Norham's Castle
Day set on Norham's castled steep, 
And Tweed's fair river, broad and deep, 
And Cheviot's mountains lone; 

The battled towers. the Donjon Keep, 
The loopholes grates, where captives weep, 
The flanking walls that round it sweep, 
In yellow lustre shone. 

The warriors on the turrets high, 
Moving athwart the evening sky, 
Seem'd forms of giant height: 

Their armour, as it caught the rays, 
Flash'd back again the western blaze, 

In lines of dazzling light.


  1. My new favorite analogy: "I again felt rather like an individual of but average gastronomical powers, sitting down to feast alone at a table spread with provisions for a hundred."  I don't think it's entirely accurate here, but what an image!  And certainly "gastronomic powers" could not have carried quite the same meaning then as now, when we have such things as competitive eating.
  2. The behavior of Mr. Rivers is interesting to me:  his return to Jane's place has the appearance of being merely weather-related; the fact that he sits and waits some time indicates he is without hurry, regardless of whether he's building up his courage or wavering over how to articulate his motives; but the most curious is his immediate, apparently hurried departure.  What's his deal?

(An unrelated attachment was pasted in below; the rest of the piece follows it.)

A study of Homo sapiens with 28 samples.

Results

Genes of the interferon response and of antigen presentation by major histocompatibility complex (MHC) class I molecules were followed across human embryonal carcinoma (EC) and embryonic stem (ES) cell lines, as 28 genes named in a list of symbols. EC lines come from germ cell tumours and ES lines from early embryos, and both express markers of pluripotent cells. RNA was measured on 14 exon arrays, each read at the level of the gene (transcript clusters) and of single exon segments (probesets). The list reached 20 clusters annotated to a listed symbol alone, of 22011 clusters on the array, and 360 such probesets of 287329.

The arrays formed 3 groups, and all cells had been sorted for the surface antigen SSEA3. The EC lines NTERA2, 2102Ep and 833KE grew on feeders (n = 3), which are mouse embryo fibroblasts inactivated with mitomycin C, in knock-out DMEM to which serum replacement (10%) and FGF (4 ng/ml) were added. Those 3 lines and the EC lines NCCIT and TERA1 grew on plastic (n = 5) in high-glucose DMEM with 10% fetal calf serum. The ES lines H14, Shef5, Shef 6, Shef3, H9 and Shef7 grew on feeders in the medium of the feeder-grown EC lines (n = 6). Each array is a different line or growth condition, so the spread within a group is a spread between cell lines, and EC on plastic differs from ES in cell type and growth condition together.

3. Forget Bronte: does cosmic force exist that would draw together such estranged families as these, and why?  Perhaps more importantly (and coming back to the author), how does Bronte avoid the appearance of contrivance here (basically, the "Oh-wow-we're-cousins-isn't-that-freaking-convenient?")?
  4. Regardless of what happens in the conclusion of the book, what might prevent Jane, and remain within her character, from sharing the wealth with her new-found family and living with them happily ever after at Marsh End?
  5. The travel or stagnation of information--its content, context, quantity, and quality (among other characteristics) --play a huge part in the creation of fictions and their conflicts.  Consider the palantiri of The Lord of the Rings, and their effective transference of selective information (or misinformation, depending upon the strategy behind their implementation).  The entire plot of Jane Eyre could not happen (well, not without excruciating ignorance on the part of its players) in the modern world.



  1. I love the poetry. We need more fortresses like that today.

    2. I think that the way he handles it is fairly typical of what people do when they're holding something over someone's head. It's like the cat playing with the mouse. As for his departure, perhaps it is possible that he feels that he is growing too close to Jane. We know how he feels about worldly distractions, and he certainly includes relationships in that category.
    3. To me, it actually does seem a bit contrived, but I think it's within the realm of "suspending one's disbelief" that is acceptable for a novel.
    4. She still hasn't resolved her feelings about Mr. Rochester. She's merely set them aside for the time-being, because they are too painful for her to deal with them.

  2. 2. Less favorably, I got the impression that he was avoiding the confrontation that was surely to over-excite Jane. I think you're interpretation is more likely.
    3. In effort to avoid contrivance, I've before tried to keep things as mundane as possible, then I realized, well, that tends to make a really boring story.